Farmers and city residents spent decades depleting portions of the Equus Beds aquifer, drying out part of the aquifer roughly the size of Cheney Reservoir.
But now 65 percent of that water is back, thanks mostly to several rainy years and reduced pumping by Wichita, according to a new report by the United States Geological Survey that focused on 55 square miles north of Wichita where most pumping happens.
"It's good news for the area," said Andy Ziegler, director of USGS Kansas Water Science Center.
The Equus Beds aquifer is south-central Kansas' primary fresh water source. It lies under parts of Sedgwick, Harvey, Reno and McPherson counties.
Through the years, the city has drawn roughly 25,000 acre feet a year from the ground and farmers have pulled about 30,000 acre feet annually, according to Ziegler.
An acre foot is about 326,000 gallons or the volume of water it would take to cover an acre with water a foot deep.
Though farmers and city residents have sufficient water now using Cheney Reservoir and the aquifer, the aquifer's improved health benefits many.
The clean water creates more supply during future droughts and provides a barrier from saltwater that is moving from old oil well fields toward shallower parts of the aquifer pumped mostly for municipal supply and farming.
The saltwater barrier has been aided by the first phase of the city's aquifer recharge project, a $27-million effort that pipes above-normal water flows from the Little Arkansas River near the city of Sedgwick back into the aquifer close to where the high chloride water is inching in.
About 1 percent of the aquifer's rebound is attributed to the first phase of the city's aquifer recharge project.
But the vast majority of the recharge project hasn't started pumping water yet.
Just a few miles from Bentley and Sedgwick, construction crews pound and weld together the frameworks for the second phase of the project.
On a recent visit, Dennis H. Sanders, the construction administration manager for the project, showed the maze of pipes that raw river water will one day travel through before being sucked through straw-like tubes to filter out sediment.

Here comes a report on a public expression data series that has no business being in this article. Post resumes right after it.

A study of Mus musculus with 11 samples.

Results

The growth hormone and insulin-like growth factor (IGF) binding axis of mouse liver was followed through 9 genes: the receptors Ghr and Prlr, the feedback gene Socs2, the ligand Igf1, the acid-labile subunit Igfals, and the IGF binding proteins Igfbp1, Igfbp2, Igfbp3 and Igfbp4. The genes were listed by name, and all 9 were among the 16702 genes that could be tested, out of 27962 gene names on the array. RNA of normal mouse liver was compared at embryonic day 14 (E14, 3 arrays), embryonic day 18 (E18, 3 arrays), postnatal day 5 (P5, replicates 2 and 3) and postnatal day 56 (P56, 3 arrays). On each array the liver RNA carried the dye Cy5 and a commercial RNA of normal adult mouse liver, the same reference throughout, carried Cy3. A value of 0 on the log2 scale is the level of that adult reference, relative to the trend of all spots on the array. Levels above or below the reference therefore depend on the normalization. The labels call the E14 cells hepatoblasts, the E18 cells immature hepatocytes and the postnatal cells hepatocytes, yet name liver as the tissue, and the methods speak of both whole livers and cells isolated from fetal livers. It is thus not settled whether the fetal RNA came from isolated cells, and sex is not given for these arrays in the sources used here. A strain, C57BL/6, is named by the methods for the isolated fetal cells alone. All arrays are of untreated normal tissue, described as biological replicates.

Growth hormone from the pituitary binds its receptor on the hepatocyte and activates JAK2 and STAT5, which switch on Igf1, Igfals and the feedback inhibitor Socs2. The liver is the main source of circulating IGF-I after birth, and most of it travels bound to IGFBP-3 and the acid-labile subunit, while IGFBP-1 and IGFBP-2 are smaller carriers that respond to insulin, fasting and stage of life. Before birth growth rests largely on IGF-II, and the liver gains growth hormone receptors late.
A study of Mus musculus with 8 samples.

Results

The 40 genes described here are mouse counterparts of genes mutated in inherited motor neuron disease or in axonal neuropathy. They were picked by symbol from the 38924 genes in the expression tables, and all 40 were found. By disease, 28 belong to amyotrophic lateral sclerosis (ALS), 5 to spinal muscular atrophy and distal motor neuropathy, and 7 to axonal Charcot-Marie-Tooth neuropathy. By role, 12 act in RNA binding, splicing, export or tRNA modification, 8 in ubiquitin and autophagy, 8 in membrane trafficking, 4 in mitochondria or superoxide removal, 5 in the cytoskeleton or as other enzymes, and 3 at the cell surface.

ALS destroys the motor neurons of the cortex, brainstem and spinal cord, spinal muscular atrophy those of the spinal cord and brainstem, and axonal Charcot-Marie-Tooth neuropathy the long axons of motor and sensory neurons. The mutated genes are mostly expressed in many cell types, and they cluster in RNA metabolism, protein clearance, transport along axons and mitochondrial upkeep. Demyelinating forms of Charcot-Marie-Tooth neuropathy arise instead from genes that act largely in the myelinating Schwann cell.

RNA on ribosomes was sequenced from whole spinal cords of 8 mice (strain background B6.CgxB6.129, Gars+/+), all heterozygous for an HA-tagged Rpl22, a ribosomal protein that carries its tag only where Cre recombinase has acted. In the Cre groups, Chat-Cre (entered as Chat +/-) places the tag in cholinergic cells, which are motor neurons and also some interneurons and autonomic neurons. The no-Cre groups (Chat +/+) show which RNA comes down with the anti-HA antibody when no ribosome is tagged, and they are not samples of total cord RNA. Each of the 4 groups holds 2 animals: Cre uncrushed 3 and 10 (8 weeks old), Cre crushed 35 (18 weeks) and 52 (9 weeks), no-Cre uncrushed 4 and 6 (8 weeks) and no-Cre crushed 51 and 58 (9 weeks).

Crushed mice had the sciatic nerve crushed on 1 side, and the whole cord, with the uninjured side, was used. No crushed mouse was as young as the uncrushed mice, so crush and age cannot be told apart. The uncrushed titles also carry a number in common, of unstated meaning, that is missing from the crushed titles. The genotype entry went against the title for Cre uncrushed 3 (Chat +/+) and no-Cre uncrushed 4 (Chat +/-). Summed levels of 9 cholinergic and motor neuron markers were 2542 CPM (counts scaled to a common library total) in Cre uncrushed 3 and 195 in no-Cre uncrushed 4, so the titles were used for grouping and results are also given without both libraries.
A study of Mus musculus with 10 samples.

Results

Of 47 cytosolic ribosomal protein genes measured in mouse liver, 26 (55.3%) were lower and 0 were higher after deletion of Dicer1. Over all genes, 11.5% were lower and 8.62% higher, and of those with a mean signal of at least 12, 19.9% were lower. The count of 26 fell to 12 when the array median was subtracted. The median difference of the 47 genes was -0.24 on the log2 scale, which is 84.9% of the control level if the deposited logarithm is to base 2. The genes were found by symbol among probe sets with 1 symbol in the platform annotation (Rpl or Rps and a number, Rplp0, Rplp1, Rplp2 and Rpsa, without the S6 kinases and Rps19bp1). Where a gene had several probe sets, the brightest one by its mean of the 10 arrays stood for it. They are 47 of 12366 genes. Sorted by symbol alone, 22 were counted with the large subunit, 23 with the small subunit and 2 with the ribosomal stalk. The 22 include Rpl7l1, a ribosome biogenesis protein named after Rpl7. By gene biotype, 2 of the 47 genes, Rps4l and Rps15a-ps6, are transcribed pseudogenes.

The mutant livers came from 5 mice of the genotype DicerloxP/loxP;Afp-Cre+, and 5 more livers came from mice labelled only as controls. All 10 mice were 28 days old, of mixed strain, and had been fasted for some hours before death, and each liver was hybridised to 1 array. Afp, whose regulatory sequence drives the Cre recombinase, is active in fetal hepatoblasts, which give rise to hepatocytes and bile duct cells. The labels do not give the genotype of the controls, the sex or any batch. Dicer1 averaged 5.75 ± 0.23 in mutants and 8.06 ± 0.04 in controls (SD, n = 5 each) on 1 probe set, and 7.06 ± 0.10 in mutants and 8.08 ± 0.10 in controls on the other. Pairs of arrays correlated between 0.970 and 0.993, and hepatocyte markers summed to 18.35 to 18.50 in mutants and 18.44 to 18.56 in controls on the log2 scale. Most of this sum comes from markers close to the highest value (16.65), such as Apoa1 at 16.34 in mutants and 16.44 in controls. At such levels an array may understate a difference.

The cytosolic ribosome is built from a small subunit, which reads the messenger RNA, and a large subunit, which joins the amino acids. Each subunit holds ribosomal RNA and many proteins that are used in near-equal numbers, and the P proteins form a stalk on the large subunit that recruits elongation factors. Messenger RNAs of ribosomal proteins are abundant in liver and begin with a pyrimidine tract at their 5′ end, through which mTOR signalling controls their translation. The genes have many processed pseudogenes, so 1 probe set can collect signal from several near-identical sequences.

After that, pumps draw the water into the next building where it's treated with ozone and hydrogen peroxide to eliminate herbicides and other chemicals that have contaminated the river water.
Finally, in a separate building, three large pipes will pump the water out to well fields to be injected into the ground.
Sanders said he expects the project to begin pumping water in the fall. But that's a shaky estimate because it can't start pumping water until river flows are above average and crews finish a series of tests.
City Council members have approved $250 million for the project thus far, and the money is going further than expected, officials said. That's because the down economy has brought many of the costs down as well.
The cost of recharging the aquifer is one of the biggest reasons city water rates have climbed several years in a row — sometimes more than once a year.
It's unclear how rates will change this year, though city officials have said through the years that increases will undoubtedly be necessary.
The city is working with a contractor on a rate study that could alter how the city charges customers for water, said Joe Pajor, assistant public works director.
The study will factor in demands created by residential, commercial and industrial customers while producing options that may encourage conservation and rate stability, he said.
The City Council will likely review the study in coming months.